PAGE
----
What's in a name? Or, for that matter, a password? Well, it can mean getting access to your computer, your bank account, your e-mail or even your own blog. I have more usernames and passwords than I can remember and the older I get, the less I can remember them. If a tool does not require you to have one, then your IT Department certainly will.
Today, increasing security risks mean that you are likely to have to submit to a more complicated sign-in process to gain access to your work computer and your employer's networks. A university network is highly desirable and many are taking steps to better protect them. I do not blame them; it is frustrating and scary when you discover that someone has "invaded" you.
Now I have to admit, I do not always follow suggestions not to use familiar words and numbers to create a password. And yes, I do use the same password more than once and even write them down sometimes. If I didn't, I would constantly be hitting the forgot password link on every system I was trying to access, like this one, since I couldn't remember what I used for a password to post to the blog!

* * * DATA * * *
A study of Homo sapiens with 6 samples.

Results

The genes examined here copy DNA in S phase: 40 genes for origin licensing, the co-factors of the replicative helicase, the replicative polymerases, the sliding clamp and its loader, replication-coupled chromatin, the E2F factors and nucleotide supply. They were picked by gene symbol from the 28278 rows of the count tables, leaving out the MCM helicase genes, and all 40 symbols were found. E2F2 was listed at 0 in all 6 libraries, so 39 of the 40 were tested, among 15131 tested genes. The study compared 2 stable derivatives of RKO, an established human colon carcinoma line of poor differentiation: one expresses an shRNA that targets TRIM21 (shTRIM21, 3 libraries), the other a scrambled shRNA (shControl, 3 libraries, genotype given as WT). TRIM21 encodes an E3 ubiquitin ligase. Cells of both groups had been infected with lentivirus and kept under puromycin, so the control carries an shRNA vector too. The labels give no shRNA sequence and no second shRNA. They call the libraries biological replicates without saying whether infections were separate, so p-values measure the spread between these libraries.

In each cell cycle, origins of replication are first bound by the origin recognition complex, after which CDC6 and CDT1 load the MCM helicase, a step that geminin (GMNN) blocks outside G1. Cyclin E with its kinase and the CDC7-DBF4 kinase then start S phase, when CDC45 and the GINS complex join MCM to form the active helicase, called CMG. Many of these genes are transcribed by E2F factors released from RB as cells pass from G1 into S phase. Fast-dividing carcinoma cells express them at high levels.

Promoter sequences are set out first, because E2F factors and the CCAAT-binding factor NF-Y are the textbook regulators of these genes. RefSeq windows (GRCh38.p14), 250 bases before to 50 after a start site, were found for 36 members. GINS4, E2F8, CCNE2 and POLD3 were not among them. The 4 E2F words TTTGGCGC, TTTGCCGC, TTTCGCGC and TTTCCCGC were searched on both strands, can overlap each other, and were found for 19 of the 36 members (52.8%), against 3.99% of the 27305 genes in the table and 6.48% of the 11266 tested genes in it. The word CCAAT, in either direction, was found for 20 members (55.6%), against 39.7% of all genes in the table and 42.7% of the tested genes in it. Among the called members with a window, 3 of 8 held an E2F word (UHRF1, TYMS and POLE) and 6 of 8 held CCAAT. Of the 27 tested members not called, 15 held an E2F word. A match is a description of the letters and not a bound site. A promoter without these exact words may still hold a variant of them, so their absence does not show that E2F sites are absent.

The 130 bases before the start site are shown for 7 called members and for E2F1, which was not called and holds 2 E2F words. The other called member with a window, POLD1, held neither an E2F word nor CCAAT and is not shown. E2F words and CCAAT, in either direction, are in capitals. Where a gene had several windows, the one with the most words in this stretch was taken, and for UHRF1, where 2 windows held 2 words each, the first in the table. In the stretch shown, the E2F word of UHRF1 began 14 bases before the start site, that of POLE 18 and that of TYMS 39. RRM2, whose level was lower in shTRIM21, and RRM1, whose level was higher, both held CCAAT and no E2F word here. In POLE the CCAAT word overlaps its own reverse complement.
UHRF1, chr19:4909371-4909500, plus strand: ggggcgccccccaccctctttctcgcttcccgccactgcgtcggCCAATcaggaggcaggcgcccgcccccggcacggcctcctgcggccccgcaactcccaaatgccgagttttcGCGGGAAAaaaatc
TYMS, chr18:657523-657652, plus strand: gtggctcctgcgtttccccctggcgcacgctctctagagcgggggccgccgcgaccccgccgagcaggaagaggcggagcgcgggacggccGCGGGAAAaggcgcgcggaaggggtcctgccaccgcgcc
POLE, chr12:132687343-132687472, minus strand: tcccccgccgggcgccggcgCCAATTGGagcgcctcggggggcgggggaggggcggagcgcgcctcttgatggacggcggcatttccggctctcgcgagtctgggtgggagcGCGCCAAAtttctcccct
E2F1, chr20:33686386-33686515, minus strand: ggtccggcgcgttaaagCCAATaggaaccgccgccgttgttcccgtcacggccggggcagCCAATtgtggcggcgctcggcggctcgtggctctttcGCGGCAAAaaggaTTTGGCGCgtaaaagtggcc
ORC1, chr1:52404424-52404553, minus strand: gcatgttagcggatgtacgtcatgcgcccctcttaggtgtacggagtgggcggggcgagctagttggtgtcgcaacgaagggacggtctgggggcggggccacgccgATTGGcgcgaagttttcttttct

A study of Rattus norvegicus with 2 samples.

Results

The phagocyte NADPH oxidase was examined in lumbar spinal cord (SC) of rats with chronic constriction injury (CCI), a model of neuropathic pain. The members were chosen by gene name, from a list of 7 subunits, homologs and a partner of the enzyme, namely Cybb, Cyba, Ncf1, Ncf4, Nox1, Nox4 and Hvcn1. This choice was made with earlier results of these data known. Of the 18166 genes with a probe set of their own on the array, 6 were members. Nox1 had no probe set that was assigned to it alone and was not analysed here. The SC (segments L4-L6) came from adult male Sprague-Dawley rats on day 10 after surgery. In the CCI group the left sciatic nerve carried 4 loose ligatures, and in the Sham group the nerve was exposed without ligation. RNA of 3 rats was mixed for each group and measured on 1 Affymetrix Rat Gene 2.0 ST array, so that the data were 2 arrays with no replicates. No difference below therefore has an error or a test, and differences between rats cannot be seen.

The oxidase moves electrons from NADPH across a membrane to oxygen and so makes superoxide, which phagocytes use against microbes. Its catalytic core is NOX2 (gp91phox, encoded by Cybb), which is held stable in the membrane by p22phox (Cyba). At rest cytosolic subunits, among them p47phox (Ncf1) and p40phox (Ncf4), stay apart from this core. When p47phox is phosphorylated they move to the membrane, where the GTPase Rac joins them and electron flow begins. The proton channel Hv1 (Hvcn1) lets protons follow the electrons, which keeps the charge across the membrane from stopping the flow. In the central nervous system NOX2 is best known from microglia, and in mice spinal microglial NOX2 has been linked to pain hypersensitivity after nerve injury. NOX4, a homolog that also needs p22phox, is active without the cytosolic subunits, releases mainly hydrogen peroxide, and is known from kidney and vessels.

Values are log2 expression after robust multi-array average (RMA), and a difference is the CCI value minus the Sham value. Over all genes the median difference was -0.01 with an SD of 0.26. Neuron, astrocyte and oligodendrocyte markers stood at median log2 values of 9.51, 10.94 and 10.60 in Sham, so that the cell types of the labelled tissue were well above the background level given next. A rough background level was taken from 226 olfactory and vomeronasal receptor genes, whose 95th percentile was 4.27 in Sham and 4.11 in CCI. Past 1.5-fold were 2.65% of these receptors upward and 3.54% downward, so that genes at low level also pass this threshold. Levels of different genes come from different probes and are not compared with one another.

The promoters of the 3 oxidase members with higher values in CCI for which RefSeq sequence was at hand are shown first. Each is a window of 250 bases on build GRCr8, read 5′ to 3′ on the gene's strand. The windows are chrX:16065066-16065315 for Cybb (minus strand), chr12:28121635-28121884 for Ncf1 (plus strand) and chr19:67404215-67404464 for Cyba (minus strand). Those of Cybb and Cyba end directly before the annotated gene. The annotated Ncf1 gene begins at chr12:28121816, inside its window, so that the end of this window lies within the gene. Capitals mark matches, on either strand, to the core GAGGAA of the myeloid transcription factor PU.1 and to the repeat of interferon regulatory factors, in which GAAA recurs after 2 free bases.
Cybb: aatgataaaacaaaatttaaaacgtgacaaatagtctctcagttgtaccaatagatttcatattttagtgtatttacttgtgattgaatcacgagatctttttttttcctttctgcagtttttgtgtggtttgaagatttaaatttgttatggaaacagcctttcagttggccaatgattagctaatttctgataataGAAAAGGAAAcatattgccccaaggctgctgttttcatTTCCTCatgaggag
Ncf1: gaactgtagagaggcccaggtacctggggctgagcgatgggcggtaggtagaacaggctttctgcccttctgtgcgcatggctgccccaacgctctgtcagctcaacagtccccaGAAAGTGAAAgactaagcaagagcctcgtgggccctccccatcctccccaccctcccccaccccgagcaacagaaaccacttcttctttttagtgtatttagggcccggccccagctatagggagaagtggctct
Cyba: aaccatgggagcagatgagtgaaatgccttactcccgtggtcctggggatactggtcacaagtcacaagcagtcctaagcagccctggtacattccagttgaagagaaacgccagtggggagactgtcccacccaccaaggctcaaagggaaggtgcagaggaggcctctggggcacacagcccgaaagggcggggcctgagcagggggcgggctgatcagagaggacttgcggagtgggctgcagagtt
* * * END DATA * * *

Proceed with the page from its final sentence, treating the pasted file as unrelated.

It is unfortunate that there are people who wish to do nothing more than to create electronic havoc wherever they can and as often as they can. As an administrator, I understand the necessary evils of having to log into my various accounts and networks to protect the information they contain. As a librarian, I wish that we could all freely access information without worrying about someone doing unethical things with it. Technology has given libraries incredible ways to share knowledge and librarians are eager to use as many as possible, if only it can be made easier to do so.
But even if it is tedious to always have to "log-in," there is a bright spot to it all-- my vocabulary skills get a rigorous workout as I try to create that perfect username and password combo that I will least likely to forget.